Photo courtesy of SuzukiBy Guido Ebert

Suzuki’s Big Scoot –
the Burgman 650 ABS

The Suzuki Burgman 650, launched in 2002, helped introduce the Maxi-Scoot to the U.S. market.

The latest version of this comfortable grand touring scooter comes in the form of the 2013 Burgman 650 ABS. Massively overhauled from its predecessor, it receives updated styling with new bodywork, a slimmer rear section, redesigned lighting and instrument cluster, a new exhaust system featuring a triangular section muffler, updated floating disc brakes and a refined transmission. 

As for amenities, there’s a push-button three-position Drive Mode selector, an electronically adjustable windshield, power folding mirrors and an adjustable rider backrest – items previously only available on the Executive model.


Powered by a newly tuned 638cc liquid-cooled 8-valve twin-cylinder engine developing 54hp @ 7,000 rpm and 45.7 ft. lbs. @ 6,400 rpm, the 613-lb. Burgman’s output is regulated by a push-button three-position Drive Mode selector – selecting “Drive” heightens efficiency at normal road speeds and gives smooth, linear, almost shock-free power delivery for easy riding, “Power” gives more punch when you twist the throttle, and “Manual” lets you thumb-toggle between six preset gear ratios for a unique feeling of control.

Need more buttons? The windscreen is electrically adjustable by four inches to suit the rider’s height and, for convenience in tight parking spaces, the rearview mirrors can be retracted electrically with the touch of a fingertip (a feature I enjoyed on KYMCO’s old Grand Vista model).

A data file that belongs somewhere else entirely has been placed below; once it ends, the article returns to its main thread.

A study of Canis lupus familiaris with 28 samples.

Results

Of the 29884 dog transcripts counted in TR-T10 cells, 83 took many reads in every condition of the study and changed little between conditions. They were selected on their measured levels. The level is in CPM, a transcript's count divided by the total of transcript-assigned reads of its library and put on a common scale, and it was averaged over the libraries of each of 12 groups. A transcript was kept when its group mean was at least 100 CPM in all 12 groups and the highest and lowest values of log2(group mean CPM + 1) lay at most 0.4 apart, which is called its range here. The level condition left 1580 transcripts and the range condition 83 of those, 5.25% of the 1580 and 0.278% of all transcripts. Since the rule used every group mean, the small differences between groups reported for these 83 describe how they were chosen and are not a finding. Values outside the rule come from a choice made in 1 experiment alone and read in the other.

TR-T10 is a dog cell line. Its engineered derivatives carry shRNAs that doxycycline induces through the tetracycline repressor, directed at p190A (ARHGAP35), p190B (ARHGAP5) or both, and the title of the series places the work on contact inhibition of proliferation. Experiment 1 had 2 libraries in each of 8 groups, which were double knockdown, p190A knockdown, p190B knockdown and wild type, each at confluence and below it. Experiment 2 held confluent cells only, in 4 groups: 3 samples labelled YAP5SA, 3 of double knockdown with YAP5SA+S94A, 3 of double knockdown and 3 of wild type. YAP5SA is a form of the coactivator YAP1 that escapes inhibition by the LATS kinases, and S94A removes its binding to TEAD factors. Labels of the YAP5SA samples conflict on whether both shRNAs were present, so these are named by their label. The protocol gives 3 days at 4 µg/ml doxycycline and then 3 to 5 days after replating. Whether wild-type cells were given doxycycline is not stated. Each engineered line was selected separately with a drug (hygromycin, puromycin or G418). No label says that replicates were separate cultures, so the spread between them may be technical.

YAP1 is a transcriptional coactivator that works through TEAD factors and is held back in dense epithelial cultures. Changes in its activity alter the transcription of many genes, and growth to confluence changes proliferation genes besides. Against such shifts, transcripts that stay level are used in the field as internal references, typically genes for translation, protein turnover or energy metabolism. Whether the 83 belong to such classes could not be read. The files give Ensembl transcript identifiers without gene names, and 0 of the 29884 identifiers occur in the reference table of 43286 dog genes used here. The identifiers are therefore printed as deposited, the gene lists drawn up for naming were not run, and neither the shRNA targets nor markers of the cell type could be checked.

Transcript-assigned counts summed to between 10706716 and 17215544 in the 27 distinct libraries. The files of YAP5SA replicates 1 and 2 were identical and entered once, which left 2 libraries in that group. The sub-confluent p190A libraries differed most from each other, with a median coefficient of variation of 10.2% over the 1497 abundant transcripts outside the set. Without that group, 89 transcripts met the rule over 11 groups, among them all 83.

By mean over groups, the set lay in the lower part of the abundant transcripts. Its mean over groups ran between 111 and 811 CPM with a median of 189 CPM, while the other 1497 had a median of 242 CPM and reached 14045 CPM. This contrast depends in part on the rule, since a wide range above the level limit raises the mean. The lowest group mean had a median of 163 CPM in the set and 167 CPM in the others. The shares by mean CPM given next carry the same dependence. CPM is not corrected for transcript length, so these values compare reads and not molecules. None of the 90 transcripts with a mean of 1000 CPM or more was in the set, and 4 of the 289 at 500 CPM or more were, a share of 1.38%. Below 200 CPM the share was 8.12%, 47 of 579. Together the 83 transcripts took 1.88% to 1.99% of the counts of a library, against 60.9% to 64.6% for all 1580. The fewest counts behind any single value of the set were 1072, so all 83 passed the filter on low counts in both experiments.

The Burgman 650’s updated tubular frame and aluminum-alloy swingarm inherit the long, 62.4-inch wheelbase of earlier Burgmans for a controllable ride, but now there’s a newly designed, slimmer tail section that’s likely to improve passenger comfort.

Within that new tail section you’ll find an underseat compartment that can hold two full-face helmets and has a light for nighttime convenience. Further, three compartments located below the handlebars provide space for items you may need immediate access to while on the road. One contains a DC outlet that’s ideal for charging a mobile phone.

Back up top, the redesigned instrument cluster features big, easy-to-read analogue dials for the speedometer and tachometer flanked by a digital display that shows an odometer, twin trip meters, a fuel consumption meter, a fuel meter, a coolant temperature indicator, a thermometer, a clock, an oil level indicator, an oil change indicator, a Drive Mode indicator (for Drive mode and Power mode), and a gear position indicator (for Manual mode).

The new ABS unit, linked to the 260mm twin floating discs in front and a 250mm single disc in the back, weighs 55% less than the previous model and dutifully slows the 120/70R15 front and 160/60R14 rear tires.

Finally, Suzuki says refinements in the Suzuki Electronically-controlled Continuously Variable Transmission (SECVT) resulted in 35% less drag and a reduction in mechanical losses that combine to contribute to boost fuel economy by 15% compared to the previous model.

Available only in Pearl Bracing White, the 2013 Burgman 650 ABS is priced at $10,999 – considerably higher priced than $9,699 for the KYMCO MyRoad 700i ABS, $9,590 for the BMW C 600 Sport ABS and $9,990 for the BMW C 650 GT ABS, but with more useful amenities.